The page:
Part 3, The Exhibition
In the new visual arts curriculum with first exams in 2016, Part 3 The Exhibition is 40% of final grade.
This component is internally assessed by the teacher and externally moderated by an examiner.
The final exhibition is the culmination of the students' IB Art experience. Students present a selection of their best work in the form of a curated final show, and defend and articulate their purpose and intention in a written rationale.
Selecting work for the Exhibition
Choose the strongest, most resolved artworks which show these qualities
• technical skill
• appropriate use of materials, techniques, processes
• coherent relationships among the works
• well resolved work in line with stated intentions in rationale
• consideration for the overall experience of the viewer (through exhibition, display or presentation).
(note: students can present work for the exhibition in any medium, having met the requirements for the Process Portfolio of working in a range of art making forms)
Number of artworks submitted
For each piece included students write a brief exhibition text (a few lines) which states the title, medium, size and a brief outline of the original intentions. Go to Exhibition Texts for discussion and examples of how to write an accompanying text and download the artworks for exhibition log
Exhibition Overview Photos
Students must include two photographs of the overall exhibition. This is to help the moderator (who won't see the actual exhibition) better understand the overall layout and experience. The image above is a good example of an exhibition overview.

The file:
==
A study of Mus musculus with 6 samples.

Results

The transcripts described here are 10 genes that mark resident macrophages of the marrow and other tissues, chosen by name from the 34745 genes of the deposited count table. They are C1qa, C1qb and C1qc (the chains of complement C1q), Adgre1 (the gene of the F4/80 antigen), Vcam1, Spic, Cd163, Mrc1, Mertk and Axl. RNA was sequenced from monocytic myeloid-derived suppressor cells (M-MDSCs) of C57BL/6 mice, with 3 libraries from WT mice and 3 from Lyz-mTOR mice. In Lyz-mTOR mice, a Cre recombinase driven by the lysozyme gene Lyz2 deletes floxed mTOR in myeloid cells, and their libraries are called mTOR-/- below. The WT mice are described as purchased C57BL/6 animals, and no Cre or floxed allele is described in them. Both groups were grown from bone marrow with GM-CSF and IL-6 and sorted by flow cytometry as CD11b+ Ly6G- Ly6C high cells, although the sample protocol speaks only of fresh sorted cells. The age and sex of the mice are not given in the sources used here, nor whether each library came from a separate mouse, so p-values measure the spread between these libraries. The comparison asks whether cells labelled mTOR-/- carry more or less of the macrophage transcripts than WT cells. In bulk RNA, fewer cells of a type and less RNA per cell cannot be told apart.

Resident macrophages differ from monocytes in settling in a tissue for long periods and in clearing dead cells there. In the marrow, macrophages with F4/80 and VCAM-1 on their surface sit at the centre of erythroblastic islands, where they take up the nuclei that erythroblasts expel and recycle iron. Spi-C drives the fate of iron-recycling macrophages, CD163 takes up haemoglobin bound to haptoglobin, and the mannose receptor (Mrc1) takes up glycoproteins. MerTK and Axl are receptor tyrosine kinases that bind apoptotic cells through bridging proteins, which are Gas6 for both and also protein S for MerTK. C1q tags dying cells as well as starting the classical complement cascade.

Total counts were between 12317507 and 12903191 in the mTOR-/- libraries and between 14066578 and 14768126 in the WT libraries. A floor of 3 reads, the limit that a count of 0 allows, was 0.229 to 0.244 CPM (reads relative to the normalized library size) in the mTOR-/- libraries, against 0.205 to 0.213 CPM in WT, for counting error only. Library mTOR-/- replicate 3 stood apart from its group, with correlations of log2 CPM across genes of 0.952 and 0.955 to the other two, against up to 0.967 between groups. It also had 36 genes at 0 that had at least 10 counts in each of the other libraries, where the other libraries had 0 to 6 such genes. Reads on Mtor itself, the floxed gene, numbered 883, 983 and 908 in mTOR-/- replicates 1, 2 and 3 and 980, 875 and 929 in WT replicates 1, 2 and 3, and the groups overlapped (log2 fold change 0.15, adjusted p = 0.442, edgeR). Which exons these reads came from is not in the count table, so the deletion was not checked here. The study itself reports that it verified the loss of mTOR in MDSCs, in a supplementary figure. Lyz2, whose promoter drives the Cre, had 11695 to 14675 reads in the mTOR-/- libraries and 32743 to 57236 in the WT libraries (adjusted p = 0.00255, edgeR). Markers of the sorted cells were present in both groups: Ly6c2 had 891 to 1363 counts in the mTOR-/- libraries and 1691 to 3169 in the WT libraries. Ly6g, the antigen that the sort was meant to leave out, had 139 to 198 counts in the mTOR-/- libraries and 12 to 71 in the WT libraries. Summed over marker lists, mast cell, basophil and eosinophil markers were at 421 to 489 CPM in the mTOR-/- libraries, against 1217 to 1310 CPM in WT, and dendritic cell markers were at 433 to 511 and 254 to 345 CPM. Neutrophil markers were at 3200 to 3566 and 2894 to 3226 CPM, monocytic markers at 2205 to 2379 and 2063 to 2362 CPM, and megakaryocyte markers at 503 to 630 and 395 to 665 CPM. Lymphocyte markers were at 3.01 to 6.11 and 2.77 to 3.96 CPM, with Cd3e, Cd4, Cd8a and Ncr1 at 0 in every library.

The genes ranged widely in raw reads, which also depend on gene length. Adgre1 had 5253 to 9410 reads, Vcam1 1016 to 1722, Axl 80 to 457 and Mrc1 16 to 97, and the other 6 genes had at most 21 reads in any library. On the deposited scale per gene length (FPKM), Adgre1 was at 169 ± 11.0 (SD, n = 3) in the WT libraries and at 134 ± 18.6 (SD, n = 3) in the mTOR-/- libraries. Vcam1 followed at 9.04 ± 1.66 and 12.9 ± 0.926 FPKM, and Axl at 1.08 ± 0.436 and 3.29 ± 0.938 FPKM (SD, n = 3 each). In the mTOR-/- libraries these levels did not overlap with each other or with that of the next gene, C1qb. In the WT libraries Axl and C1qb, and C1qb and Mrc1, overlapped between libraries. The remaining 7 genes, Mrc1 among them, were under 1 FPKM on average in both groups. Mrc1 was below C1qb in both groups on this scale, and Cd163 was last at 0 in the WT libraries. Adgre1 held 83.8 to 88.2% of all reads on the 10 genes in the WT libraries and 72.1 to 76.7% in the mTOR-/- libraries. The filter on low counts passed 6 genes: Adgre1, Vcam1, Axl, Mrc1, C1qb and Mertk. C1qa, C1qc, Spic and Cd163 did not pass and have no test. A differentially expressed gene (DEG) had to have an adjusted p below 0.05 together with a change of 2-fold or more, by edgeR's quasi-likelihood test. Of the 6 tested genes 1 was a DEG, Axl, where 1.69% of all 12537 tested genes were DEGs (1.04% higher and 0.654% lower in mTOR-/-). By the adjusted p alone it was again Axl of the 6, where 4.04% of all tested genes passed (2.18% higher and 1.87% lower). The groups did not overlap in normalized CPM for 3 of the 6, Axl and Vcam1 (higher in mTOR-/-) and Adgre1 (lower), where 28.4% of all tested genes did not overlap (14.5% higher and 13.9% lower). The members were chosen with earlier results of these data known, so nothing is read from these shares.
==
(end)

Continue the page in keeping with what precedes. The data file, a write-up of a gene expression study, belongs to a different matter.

(note: only include the exhibition artworks submitted for assessment in the photos)
Additional Supporting Photos (optional)
Students may choose to include up to two additional photographs of each submitted work. This is intended to provide a sense of scale when showing large works or for pieces that have more than one viewpoint, such as sculpture or installation. These extra photos are not necessary for most studio pieces.
The Curatorial Rationale
400 words max SL
700 words max HL
This is a written statement that accompanies the exhibition. The Curatorial Rationale is not unlike the old candidate statement, but is longer, more in depth, and specifically addresses the body of work chosen for the exhibition. It explains the intentions of the student, considers the presentation of the work using curatorial methodologies, and the relationship with the viewer. For tips go to Writing Guidelines for Rationale or look at an Example HL Rationale
You can go to E submission for Exhibition for file sizes, formats and uploading info when you are ready
What are examiners looking for?
coherent body of work
visual communication of stated intentions
a curatorial rationale that justifies selection and presentation of work
The role of the Visual Arts Journal in the exhibition
Throughout the course students can use their visual arts journal to make notes of and reflect on their intentions while making their work, and they can be encouraged to document the developments of this thought process.
For the Curatorial Rationale students can make selections from and adapt passages from their journal.
The Visual Journal can also be used to plan the exhibition, consider the space, the display, the sequencing, the viewers role, and other curatorial issues.